The Federal Reserve's new vice chair all but dismissed the idea of breaking up the largest U.S. banks, saying on Thursday it is unclear that such a complex task would help stabilize the country's financial system.
In his most detailed speech on financial regulation since becoming the Fed's No. 2 official, Stanley Fischer also floated the idea of adding a financial stability mandate to all of the U.S. regulators under the umbrella of the Financial Stability Oversight Council (FSOC), a coordinating committee.
Fischer, a former governor of the Bank of Israel, was careful to hedge his comments on what more was left for regulators to do following the 2007-2009 financial crisis, borrowing heavily from published papers on the politically sensitive topic.
Addressing the lingering problem of too-big-to-fail banks — those that benefit from the public assumption that the government will do whatever is needed to protect them in times of crisis — Fischer said the Fed and other regulators must not become complacent, because more work is necessary.
But he said it is "not clear" that breaking up the largest banks would end the need for future government bailouts, pointing out that bankrupt investment bank Lehman Brothers was not a U.S. financial giant and arguing that the savings and loan crisis of the 1980s and '90s was due to small firms "behaving unwisely."
"In short, actively breaking up the largest banks would be a very complex task, with uncertain payoff," Fischer said in a speech to the National Bureau of Economic Research.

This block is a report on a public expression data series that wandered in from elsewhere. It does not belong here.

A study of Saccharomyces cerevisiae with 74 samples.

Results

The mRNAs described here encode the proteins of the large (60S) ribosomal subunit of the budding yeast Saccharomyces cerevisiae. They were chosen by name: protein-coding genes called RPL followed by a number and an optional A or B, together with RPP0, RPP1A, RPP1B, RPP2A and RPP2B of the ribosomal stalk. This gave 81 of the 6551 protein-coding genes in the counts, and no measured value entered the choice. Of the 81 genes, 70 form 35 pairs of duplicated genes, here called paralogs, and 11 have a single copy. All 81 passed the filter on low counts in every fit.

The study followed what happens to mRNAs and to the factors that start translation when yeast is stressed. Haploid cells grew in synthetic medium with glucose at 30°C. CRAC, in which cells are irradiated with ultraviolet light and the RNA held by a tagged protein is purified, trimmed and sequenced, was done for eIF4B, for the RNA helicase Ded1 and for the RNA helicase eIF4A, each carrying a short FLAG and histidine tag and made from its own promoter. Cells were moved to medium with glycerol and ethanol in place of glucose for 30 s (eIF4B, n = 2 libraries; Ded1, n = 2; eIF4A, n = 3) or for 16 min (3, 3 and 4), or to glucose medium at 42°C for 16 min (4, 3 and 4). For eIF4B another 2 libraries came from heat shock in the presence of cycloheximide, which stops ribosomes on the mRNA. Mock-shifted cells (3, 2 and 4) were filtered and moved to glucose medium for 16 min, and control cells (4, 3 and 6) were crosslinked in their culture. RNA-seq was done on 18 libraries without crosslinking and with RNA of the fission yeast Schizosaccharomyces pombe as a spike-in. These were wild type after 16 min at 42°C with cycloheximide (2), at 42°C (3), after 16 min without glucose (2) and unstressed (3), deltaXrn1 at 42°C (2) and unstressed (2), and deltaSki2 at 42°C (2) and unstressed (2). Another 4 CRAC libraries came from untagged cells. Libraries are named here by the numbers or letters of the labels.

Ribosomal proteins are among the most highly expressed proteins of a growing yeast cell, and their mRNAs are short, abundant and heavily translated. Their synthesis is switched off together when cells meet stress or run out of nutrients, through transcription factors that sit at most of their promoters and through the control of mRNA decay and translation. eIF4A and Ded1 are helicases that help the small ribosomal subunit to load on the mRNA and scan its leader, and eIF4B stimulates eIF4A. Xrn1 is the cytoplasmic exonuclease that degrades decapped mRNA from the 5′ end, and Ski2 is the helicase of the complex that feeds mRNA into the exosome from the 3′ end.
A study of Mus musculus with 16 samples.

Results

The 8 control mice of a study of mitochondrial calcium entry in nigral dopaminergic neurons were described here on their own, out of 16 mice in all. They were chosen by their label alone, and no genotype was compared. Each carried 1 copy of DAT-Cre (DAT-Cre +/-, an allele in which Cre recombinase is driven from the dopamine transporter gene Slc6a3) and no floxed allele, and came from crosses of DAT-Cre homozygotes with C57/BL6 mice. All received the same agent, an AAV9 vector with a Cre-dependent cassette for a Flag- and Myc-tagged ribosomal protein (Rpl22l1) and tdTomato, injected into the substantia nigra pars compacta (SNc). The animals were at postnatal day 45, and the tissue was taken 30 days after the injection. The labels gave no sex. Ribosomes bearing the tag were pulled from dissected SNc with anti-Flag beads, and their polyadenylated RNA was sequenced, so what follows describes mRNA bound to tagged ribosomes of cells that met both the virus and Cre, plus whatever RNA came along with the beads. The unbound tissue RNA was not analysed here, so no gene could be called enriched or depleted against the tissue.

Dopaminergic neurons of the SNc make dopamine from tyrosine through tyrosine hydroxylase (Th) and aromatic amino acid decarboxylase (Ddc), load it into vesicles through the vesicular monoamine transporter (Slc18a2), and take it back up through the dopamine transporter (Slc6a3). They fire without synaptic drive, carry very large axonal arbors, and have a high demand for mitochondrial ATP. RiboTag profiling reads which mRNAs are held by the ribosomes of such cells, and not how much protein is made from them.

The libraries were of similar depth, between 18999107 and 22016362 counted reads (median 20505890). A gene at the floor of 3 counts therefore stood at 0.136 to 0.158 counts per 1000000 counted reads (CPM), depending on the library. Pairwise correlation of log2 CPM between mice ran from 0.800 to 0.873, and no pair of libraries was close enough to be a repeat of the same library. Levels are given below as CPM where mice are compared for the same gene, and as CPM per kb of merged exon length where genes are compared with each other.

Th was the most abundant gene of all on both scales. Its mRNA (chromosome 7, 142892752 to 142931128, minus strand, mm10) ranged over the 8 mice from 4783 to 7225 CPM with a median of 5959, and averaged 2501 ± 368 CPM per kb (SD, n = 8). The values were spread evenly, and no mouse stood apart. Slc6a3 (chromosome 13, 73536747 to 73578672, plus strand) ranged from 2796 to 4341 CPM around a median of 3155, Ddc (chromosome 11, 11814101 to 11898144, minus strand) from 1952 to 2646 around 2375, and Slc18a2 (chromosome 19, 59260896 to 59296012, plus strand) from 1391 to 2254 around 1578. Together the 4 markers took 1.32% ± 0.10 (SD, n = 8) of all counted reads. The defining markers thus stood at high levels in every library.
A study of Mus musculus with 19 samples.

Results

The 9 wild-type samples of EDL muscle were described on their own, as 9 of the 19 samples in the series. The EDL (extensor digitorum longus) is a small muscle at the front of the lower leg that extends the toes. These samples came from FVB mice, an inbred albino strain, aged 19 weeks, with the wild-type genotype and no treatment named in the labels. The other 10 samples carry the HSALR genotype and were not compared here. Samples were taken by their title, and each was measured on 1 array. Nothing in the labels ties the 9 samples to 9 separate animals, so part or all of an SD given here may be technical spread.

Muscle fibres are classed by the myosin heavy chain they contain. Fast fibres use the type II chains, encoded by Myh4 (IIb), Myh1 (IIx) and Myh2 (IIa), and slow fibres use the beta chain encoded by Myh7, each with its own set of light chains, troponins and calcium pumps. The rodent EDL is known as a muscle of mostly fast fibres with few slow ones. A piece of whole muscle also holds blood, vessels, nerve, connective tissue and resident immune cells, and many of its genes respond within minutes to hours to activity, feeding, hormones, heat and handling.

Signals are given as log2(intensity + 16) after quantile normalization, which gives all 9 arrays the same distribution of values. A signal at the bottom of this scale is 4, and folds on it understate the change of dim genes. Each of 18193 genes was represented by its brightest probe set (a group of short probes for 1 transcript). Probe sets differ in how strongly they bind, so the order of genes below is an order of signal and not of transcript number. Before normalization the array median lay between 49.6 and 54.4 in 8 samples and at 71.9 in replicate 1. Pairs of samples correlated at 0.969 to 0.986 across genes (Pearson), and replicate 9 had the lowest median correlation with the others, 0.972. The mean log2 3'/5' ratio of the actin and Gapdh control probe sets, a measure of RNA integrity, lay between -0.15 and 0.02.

Fischer, who was sworn in as Fed vice chair last month, said that big, complex banks are less likely to be stable the more they reply on interest-rate-sensitive, short-term funding.
Some politicians and even regulators, such as the president of the Dallas Fed, Richard Fisher, have urged new rules that would in effect shrink or break up too-big-to-fail banks.
But in general the Fed and other regulators have shied away from the idea, pointing instead to new rules that require banks to reduce leverage, maintain a supply of assets they could sell quickly, and stop making risky trades with their own money.
WIDER STABILITY MANDATE
A widely respected economist with extensive policymaking experience, Fischer is expected to play an influential role in helping to shape U.S. monetary and regulatory policy, and could prove a powerful ally of Fed Chair Janet Yellen.
Yellen last week said that regulation was the primary tool to prevent financial instabilities, with monetary policy a distant backup. Fischer, while careful to avoid addressing the question head on, cited some limitations in using targeted rules to deal with imbalances.
An unfettered bubble in the U.S. mortgage market last decade led to the financial crisis and global recession, a grim period that saw banks collapse and governments and central banks scramble to prevent a new Great Depression.
Fischer praised the progress since then in making Wall Street safer, but added: "Unfortunately, we are still dealing with the consequences of the collapse and the steps necessary to deal with it."
Addressing the FSOC, which was formed to take a holistic view of financial stability, Fischer said reforms suggested by former Fed Vice Chair Donald Kohn warrant "serious" examination. He suggested that some U.S. agencies should also have a mandate to consider how their own regulatory bailiwick affects the stability of the entire financial system.
"It may well be that adding a financial stability mandate to the overall mandates of all financial regulatory bodies, and perhaps other changes that would give more authority to a reformed FSOC, would contribute to increasing financial and economic stability," Fischer said.
The FSOC brings together nine U.S. agencies, among which are the Securities and Exchange Commission and the Commodity Futures Trading Commission, both of which, for example, do not have such a financial stability mandate.
Fischer did not comment directly on monetary policy or economic conditions.